Sam Seitz

I think we can all agree that the American electoral system is crazy. The elections are chaotic, and one can only choose between two (thoroughly mediocre) parties. This is not an inevitable political outcome. Instead, it is the result of the flawed electoral system used in the United States: the single member plurality system. In a single member plurality system, one candidate is elected per electoral district, and that candidate needs only to receive the plurality of votes to be elected. In other words, the candidate just needs to possess a greater percentage of the votes cast than his or her political rival(s). This can lead to bizarre situations where candidates that only receive 30%-40% of the popular vote get elected, meaning that there are many districts that have representatives who received less than half of their constituency’s votes. This is obviously absurd, and it disenfranchises major interest groups. Moreover, Duverger’s Law means that single member plurality systems almost always lead to two party systems. This inexorable trend towards two parties occurs due to one simple fact: any emergent third party will inevitably be somewhat ideologically closer to one of the two established parties (see, for example, Nader). Thus, if a third party runs, they will split the vote and ensure that the party they least align with always wins. In short, if you are a communist or a libertarian or a green, it’s too bad for you. You’ll never be represented in the United States federal government.

Now, to be fair, there are arguments for majoritarian systems. Because they always produce one clear winner, single member plurality systems ensure that one party always has an explicit mandate. Everyone knows which party is in control after a given election, so there is no need to waste time creating complex coalitions. Moreover, because people directly select an individual candidate instead of voting for a party, there is theoretically more accountability between politicians and citizens. Nevertheless, most of the arguments for single member plurality systems are unconvincing. For example, a lack of a clear mandate is not necessarily a hindrance, and it allows some degree of checking and balancing as small coalition partners garner inordinate power, thus keeping the larger governing parties in check. It’s also unclear that there is direct accountability at the local level. After all, if your local representative is of the different party, do you really feel a connection? Not only are the benefits of single member plurality systems overstated, but the problems they cause are very real. First, they disenfranchise major segments of the population. For example, consider an American presidential election. If 46% vote Republican, 6% vote Libertarian, and 48% vote Democrat, Democrats win 100% of the executive despite 52% of the country supporting other parties. This leads to strategic voting where, for example, Libertarians are forced to vote Republican, a party they have major disagreements with, in order to prevent a Democratic victory. In other words, they vote for their least bad option instead of their best option. This strategic voting is not just academic; it has very real effects on voter turnout and political apathy. When people have to vote strategically instead of voting with their hearts, they just don’t vote. Silencing minorities is not how democracy is supposed to function, but by giving them no chance to be heard, the American system ensures their voices are forever suppressed.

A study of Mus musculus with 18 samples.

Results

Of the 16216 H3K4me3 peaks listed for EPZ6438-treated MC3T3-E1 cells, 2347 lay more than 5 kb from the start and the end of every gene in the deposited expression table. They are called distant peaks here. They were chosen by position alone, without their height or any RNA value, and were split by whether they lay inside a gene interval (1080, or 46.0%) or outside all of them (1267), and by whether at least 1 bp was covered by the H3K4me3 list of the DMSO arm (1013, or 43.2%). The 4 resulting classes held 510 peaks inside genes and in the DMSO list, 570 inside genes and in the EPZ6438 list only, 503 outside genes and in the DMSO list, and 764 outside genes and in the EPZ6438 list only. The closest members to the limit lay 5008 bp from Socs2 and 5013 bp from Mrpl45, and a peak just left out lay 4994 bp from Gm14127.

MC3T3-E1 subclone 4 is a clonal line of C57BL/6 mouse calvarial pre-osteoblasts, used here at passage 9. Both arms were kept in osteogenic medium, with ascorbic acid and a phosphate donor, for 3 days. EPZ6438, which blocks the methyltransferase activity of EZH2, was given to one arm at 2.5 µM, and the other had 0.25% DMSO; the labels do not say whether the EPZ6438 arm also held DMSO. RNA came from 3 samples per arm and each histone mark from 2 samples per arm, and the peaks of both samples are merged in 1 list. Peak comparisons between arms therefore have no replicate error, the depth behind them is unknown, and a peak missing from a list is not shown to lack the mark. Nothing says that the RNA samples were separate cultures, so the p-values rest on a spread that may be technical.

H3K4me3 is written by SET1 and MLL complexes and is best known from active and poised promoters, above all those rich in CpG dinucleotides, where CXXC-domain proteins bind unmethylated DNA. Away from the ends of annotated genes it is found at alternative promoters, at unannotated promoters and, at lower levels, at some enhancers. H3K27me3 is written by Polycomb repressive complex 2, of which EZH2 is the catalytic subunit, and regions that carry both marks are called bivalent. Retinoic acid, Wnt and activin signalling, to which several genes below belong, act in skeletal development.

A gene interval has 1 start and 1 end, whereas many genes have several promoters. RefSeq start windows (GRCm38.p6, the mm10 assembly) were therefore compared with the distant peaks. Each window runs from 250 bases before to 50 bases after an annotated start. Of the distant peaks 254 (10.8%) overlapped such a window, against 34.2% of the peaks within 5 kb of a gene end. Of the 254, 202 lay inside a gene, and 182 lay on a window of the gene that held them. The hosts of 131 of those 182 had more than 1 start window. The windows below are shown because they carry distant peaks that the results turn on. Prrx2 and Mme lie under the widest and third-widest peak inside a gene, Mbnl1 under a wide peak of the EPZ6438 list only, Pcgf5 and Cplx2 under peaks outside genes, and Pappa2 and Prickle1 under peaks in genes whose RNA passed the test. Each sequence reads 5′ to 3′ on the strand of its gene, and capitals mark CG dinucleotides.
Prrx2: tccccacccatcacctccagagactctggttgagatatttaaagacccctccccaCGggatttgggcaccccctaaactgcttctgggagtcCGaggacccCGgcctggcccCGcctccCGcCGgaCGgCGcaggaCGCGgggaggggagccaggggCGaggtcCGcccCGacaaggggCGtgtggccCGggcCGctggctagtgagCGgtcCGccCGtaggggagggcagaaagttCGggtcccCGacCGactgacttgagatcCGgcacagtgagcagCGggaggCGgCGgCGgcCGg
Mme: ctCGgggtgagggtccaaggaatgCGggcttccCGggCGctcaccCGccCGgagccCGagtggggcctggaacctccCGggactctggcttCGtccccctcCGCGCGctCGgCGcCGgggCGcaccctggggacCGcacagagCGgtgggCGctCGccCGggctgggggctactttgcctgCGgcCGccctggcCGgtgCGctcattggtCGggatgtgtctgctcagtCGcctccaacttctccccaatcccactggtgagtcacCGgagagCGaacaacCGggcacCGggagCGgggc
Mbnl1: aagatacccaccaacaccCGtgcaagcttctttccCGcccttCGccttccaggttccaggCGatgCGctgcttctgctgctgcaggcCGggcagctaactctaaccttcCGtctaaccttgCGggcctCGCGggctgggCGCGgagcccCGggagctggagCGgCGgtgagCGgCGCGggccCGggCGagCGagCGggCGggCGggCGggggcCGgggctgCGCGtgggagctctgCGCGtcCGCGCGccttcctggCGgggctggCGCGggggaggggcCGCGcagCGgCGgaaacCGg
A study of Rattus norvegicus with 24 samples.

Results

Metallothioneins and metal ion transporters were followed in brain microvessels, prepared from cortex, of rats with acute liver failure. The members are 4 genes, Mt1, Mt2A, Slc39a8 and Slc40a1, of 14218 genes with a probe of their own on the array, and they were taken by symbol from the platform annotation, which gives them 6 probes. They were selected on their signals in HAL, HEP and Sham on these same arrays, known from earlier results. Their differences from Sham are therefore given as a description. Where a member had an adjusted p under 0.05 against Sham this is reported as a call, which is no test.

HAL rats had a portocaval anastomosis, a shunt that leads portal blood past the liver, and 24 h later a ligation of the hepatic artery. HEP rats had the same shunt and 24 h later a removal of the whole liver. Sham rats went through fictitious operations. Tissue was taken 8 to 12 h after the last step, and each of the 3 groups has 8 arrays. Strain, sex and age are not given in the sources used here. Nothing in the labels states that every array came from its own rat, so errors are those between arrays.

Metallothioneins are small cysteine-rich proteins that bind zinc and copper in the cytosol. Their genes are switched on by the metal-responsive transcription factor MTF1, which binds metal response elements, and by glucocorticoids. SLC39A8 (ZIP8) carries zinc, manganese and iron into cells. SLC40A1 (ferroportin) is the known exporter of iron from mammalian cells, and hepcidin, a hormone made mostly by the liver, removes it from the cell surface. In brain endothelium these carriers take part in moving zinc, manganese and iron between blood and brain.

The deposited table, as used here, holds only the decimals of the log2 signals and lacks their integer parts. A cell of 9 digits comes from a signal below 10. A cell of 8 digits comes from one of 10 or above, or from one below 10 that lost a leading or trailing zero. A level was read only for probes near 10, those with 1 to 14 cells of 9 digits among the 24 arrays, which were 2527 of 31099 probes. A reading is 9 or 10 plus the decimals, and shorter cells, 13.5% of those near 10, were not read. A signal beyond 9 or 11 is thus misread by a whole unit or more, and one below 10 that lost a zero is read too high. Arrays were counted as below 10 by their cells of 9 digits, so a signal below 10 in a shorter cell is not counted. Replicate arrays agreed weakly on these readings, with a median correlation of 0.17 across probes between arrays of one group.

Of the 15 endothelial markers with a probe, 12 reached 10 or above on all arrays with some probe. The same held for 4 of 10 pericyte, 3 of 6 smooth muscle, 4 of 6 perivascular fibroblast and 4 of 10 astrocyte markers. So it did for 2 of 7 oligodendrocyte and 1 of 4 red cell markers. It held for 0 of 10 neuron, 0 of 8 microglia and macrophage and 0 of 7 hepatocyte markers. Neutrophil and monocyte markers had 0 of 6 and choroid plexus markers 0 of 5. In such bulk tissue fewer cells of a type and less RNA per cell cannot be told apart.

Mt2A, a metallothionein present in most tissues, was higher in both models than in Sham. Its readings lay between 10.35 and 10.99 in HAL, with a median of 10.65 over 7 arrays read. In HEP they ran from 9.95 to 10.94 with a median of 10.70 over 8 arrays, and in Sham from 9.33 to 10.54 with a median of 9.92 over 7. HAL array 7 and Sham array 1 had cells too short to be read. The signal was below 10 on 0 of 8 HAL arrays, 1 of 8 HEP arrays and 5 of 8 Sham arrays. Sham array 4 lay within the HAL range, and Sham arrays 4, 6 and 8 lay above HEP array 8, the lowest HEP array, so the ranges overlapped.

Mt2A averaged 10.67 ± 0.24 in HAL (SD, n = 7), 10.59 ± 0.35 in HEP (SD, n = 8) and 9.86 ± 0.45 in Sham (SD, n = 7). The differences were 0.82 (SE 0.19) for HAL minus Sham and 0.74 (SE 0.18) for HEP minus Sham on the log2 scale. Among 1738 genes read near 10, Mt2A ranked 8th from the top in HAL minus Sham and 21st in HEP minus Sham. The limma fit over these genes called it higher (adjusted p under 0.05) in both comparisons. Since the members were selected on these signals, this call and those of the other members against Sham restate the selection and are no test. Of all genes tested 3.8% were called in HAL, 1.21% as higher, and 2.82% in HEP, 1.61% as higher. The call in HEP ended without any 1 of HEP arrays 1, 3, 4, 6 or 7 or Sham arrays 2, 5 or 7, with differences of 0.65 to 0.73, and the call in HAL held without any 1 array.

So, what’s the solution? The German electoral system. Like many things from that country, it is elegant, well-designed, and incredibly over-engineered. In short, it is orders of magnitude better than the American system. Aber es ist komplizierter als das amerikanische Modell.  The German model is a mix between direct voting and proportional voting. Each citizen gets two votes: one for a candidate, one for a party. First, the votes for candidates are tallied, and whichever candidate wins in each district (by single member plurality) is guaranteed a spot in the Bundestag. Then, the party votes are tallied up and aggregated across the entire country. The remaining seats are allocated based on the national proportional party vote. So, for example, let’s say the center-right CDU (Christian Democratic Union) wins 40% of the national vote and has 178 candidates directly elected from the districts. To determine how many extra seats they would be allocated from the party vote, we would multiply 455 (the number of seats in the Bundestag) by .4 and subtract 178. In this example, the CDU would earn four extra seats beyond the 178 won by the directly elected candidates. Of course, the system is more complex because sometimes more people are directly elected than proportionally speaking the party should have earned. For example, if the CDU had received 40% of the party vote but had 206 candidates win outright, they would actually have more seats than they proportionally deserved. This situation leads to the infamous Überhangmandate. The Überhangmandate is where the system starts becoming over-engineered, as the German Supreme Court has developed ever more Byzantine systems to try to rectify the seat disparity. Regardless, the nuances of German electoral law are beyond the scope of this post. What should be clear is that there are effective electoral systems that allow proportional representation of many different interests while still allowing voters to pick a particular candidate instead of just a party platform.

One can debate the specifics of electoral reform ad nauseam. I like the German system because it makes sense to me and, as someone studying Germany, I’m probably a tad biased. However, regardless of which model one prefers, I think we can all agree that the American electoral system is a complete disaster, and it would be much better for this country if we had the political will to reform it.